I believe Zarathushtra's whole point is that the laws of the universe - which at first appear neutral to us - for him and for us as Zoroastrians are GOOD simply because we celebrate that which EXISTS. This is the primary point of being a Mazdayasni, this is at the core of our faith: The fact that something exists, the fact that something gives substance to asha (rather than something which does not exist outside of our mere imagination) adds a quality to it and this quality is the attribute of asha and should be celebrated. So consequently Zoroastrians hold the material and immanent world as sacred.
Just imagine how radically different this worldview is from the degrading view of the world we find in both eastern and western thinking, with their aims to reach extinction or wait for another better world to come. Zarathushtra's ethical imperative is therefore to live within this world, love this world as much as we can (which will in turn make us behave well towards the world) and hold it as sacred. This is not - prinarily - a world of neither suffering nor sin, this is a world we are compelled to positively interact with.
What Zarathushtra THEN adds is the fact that within this world of asha, the capacity to reflect on the world af asha has arisen. This capacity, which we as human beings collectively give substance to, is the other second element of the Zoroastrian celebration. This is why Ahura Mazda has both the Ahura and the Mazda component, used seperately and together. Asha is spread thorughout, our minds also operate within the realm of asha. But Ahura as that which exists and Mazda as the wisdom of that which exists does cover all angles quite nicely, don't you agree? And it also makes Mazdayasna truly unique among religions as it celebrates both that which exists and the capacity to reflect and enjoy that which exists.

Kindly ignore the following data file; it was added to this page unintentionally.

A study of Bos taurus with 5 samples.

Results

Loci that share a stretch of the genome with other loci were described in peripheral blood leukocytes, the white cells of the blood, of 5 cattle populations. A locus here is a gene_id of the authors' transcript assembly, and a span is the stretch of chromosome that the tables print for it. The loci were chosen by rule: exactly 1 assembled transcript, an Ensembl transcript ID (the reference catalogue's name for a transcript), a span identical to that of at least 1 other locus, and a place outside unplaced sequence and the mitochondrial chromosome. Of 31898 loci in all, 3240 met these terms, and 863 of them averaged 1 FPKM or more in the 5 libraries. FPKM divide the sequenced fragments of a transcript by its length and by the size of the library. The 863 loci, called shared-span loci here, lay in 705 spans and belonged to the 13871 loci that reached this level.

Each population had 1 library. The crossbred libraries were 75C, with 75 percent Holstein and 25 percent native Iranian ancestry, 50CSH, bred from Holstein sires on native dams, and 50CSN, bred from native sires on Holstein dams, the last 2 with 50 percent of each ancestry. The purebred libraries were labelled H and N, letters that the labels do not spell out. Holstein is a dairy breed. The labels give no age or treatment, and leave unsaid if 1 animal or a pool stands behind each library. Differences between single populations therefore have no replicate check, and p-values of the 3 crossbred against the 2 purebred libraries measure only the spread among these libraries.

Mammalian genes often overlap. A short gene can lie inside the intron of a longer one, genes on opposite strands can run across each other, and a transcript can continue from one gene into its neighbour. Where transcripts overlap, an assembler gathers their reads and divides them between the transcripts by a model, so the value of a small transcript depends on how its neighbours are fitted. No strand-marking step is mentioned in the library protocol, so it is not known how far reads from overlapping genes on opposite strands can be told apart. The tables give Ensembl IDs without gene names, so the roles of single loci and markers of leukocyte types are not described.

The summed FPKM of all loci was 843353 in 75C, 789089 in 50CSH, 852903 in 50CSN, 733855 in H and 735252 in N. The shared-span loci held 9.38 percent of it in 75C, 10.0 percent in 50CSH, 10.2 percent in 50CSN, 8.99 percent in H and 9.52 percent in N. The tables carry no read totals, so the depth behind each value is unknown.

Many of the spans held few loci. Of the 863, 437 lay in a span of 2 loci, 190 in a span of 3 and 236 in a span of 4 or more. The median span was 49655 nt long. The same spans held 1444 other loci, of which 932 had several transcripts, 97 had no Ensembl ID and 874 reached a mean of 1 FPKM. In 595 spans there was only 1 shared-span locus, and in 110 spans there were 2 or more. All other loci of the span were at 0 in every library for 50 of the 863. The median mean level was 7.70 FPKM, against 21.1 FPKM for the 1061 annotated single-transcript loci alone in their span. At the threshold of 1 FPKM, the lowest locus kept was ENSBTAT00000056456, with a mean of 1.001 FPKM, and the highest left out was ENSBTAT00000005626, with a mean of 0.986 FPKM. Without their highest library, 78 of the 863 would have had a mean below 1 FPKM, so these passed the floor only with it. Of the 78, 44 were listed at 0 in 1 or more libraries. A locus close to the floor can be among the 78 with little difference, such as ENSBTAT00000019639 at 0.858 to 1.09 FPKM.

2008/8/10 Ronald Delavega
Although I do agree with many things you say below, Asha, its good! In fact not only it is good, but, its benevolent and loving per Jafarey's translation in where Asha is called loving and per the Ashem Vohu where Asha is defined , among other things, as Vohu.
Furthermore when one eliminates evil/wrong one is said to deliver it unto the arms of Asha. You see Asha has an aspect that is ethically neutral, that is, Asha is the Physical laws of the Cosmos which appear to be neutral. (actually they are good as well since they support Creation and make life possible) But, Asha is also the ethical laws of the Cosmos.. The law of rewards (ashi) is part of Asha, for example, as is the Principle of Choice.